My name is Baron Concors and I am the founder of Techie Factory. For the last 20 years, I've led technology organizations for Fortune 500 companies - including roles as Vice President of Technology for FedEx, Chief Digital Officer for Pizza Hut, and Chief Information Officer for YUM Restaurants International (Taco Bell, KFC and Pizza Hut). Even though I achieved success in the technology space, that wasn't always the plan.
It all began when I was six years old and my father bought one of the first personal computers for his business called a Commodore PET. I became fascinated with it. I read books and taught myself to code. My father bought more computers for his work - an Apple II, Apple IIe, the first Mac. Whenever something didn't work at my father's business - I was called in to fix it. However, when I turned 10 years old, I turned my attention to sports and didn't look at the computers again until a dozen years later.
I had no idea what I wanted to do for a living after I graduated college. I had a degree in Anthropology but I knew that wasn't a career. It turns out some big consulting firms were on campus and they were hiring. I met with one of them who put me through a series of interviews and tests. They asked me "do you know anything about technology?" and I said yes. The person handed me a test with a few dozen questions. I answered them, handed it back and they said they would be in touch if interested. I received a call the next day with a job offer. The person on the other end of the phone said "You answered every single technology question correctly. How did you learn this?" and I told her the story about my childhood learning everything I could about computers. My entire career was built on the intellectual curiosity of that first computer my father bought when I was a boy.Here we are twenty-five years later and technology is revolutionizing entire industries and economies. How critical will technology be in 10-15 years when our kids graduate? There isn't a profession or occupation where working with technology is not critical to success. Despite this, technology is not being taught as a core discipline in K-12 education in most schools. Our teachers are doing their best, but there just isn't enough time or money to dedicate to this important subject area within the current education curriculum.
We are part of this community and you can bet our own kids will be attending Techie Factory. We are tired of them staring at the screen and now its time for them to start learning how to make and create. I know if they have a solid understanding of technology and how it works - they will be well positioned for the future and they have a skill they can rely on their entire lives.
On behalf of my wife Leslie and I, we hope your children will enjoy Techie Factory as a destination to have fun, unleash creativity and to teach them that any idea can be brought to life through technology.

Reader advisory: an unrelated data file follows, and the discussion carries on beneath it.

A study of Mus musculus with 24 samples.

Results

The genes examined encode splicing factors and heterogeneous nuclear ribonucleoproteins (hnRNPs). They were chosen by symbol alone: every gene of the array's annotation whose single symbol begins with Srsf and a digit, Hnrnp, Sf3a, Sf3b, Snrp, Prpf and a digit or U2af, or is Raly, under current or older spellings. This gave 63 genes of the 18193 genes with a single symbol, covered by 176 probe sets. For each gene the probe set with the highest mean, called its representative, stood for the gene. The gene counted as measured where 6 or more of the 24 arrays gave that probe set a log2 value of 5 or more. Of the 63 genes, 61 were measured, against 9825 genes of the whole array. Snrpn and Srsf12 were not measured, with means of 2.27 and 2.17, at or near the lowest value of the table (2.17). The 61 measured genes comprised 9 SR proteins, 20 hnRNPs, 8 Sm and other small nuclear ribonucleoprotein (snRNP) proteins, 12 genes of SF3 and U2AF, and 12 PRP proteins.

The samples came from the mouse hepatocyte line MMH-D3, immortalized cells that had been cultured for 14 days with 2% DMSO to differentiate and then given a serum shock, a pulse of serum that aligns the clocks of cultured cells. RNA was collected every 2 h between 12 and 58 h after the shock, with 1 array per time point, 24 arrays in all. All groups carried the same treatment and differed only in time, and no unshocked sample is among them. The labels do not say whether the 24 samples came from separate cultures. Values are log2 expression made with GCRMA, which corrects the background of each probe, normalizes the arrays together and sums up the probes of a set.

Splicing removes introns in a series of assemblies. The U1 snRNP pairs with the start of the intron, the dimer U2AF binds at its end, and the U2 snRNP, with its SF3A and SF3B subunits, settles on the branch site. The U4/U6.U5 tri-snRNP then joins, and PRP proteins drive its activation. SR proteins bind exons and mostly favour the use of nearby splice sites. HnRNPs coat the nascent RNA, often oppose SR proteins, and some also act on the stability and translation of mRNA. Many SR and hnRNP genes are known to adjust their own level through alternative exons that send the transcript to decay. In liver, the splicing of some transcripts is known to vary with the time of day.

I’m Mess Wright, and I conceive, plan, and execute programs for Techie Factory.
I was a pretty terrible student when I was younger. I looked at school as a necessary thing - something to be endured. I made good grades, but I spent every minute with a book about something else tucked into the book I was supposed to be studying. I ignored all but a few very inspiring teachers and mentors. The good news is, I’ve easily read thousands of books. The bad news for my own life was that I could not reconcile my contempt for formal education with my own love of learning new things. I had a pretty okay corporate career, too, throughout my twenties, but I felt for that a similar sentiment to the one I’d had for my educational career. I was just surviving it.
In 2010, I opened a STEM focused party place in Lake Highlands (“The Lab”) because I was personally tired of dragging my own young kids to pizza places and arcades every weekend. I aimed to have a space where kids could do smart, hands-on Chemistry/Biology/Physics activities, learn new things, and never feel out of place. I wanted programs that welcomed the curious kids and celebrated their quirks while nurturing their sense of curiosity and self-confidence. After one year, The Lab Rats and I packed up and moved; we enjoyed three years in Junius Heights and another year in a giant Mercedes van. In mid 2016, I added power tools and digital devices to my program offering, as I began to believe the people who would drive the future would be those most comfortable with technology and the maker movement.
For all my efforts these last eight years, D Magazine, The Dallas Morning News and Advocate Magazine have recognized me in print and online. I have appeared on FOX 4 Good Day, Good Morning Texas and Channel 33’s Close-Up promoting The Lab’s programs. I’ve also traveled the U.S. meeting with some of the brightest disruptive educators on Earth. Lots of “mommy bloggers,” teachers, and parents have celebrated the work I’ve been doing and have enjoyed my support and friendship, too (I’m most grateful for that).
To date, I’ve led over eighty camps, a few hundred school, church and community events and classes, and about 1,000 fun STEM birthday parties. I did all this to further your children’s interest in science and exploration of things unknown, and I have been able to learn and grow alongside them myself.
Of course, I don’t plan to stop any time soon. Today, Techie Factory is a most excellent place for me to offer the quality STEAM content I care about and that my friends and followers expect. Let me know if I can help you or the children you care about become and remain lifelong learners. You can find me on LinkedIn, or email me at Techie Factory today!